The US Food and Drug Administration has issued a warning about a counterfeit “and potentially harmful version” of GlaxoSmithKline's over-the-counter weight-loss product Alli.

Consumers began reporting suspected counterfeit Alli,a lower-dose, OTC formulation of Roche’s Xenical (orlistat), to GSK early last month and the company says these fake versions have been sold on the internet. Preliminary laboratory tests revealed that the counterfeit did not contain orlistat, but sibutramine, the active ingredient in Abbott Laboratories’ prescription weight-loss drug Meridia.

The FDA said that the latter is a drug that “should not be used in certain patient populations or without physician oversight”. Sibutramine can also “interact in a harmful way with other medications the consumer may be taking”, the agency added, noting that “there is no evidence at this time that the counterfeit Alli product has been sold through other channels, such as retail stores”.

The fake looks similar to real Alli, but there are a “few notable differences”, the FDA concluded. For example, the outer packaging is missing a "Lot" code, and the counterfeit also has an expiration date that includes the month, day and year. Authentic Alli has an expiry date with just the month and the year.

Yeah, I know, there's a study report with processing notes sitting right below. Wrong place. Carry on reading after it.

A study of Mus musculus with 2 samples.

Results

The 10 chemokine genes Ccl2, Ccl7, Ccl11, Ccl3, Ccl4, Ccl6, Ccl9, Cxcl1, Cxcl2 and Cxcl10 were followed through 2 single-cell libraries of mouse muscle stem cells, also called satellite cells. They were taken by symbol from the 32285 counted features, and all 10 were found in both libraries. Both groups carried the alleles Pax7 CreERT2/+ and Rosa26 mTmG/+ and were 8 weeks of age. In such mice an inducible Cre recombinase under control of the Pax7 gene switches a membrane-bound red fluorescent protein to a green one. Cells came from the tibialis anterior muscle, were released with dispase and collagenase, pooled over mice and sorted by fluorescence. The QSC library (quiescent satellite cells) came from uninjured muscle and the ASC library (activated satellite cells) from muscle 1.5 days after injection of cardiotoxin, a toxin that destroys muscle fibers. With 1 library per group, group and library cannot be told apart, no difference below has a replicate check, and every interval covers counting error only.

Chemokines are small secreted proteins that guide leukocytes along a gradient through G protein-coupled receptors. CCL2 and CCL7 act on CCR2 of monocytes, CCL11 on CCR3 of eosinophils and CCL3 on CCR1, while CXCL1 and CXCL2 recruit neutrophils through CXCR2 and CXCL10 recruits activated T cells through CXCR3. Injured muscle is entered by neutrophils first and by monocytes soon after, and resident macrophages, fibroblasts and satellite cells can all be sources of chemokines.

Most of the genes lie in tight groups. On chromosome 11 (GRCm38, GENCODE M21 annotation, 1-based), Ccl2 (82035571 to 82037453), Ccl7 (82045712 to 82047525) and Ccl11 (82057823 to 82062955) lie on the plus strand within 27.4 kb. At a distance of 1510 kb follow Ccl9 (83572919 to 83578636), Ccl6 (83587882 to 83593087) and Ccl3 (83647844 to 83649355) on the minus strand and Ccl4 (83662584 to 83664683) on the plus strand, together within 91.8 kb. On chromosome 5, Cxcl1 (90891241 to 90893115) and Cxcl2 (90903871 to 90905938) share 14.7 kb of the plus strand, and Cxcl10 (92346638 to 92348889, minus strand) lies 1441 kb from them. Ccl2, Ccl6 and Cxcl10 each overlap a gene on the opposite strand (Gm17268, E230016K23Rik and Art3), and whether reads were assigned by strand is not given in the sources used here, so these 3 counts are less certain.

Emerging markets growth
Meantime, a GSK director responsible for the area has told Bloomberg that the company is expecting sales growth of as much as 10% in the Asia-Pacific region this year, in line with the market and last year’s 9% increase.

Christophe Weber said the strongest growth will come from Southeast Asian nations such as Indonesia and the Philippines, adding that sales of cervical cancer vaccine Cervarix have increased ten-fold. He also noted that GSK is reinvesting 20% of its earnings from poor countries into health infrastructure developments, such as building hospitals and projects for clean water and sanitation.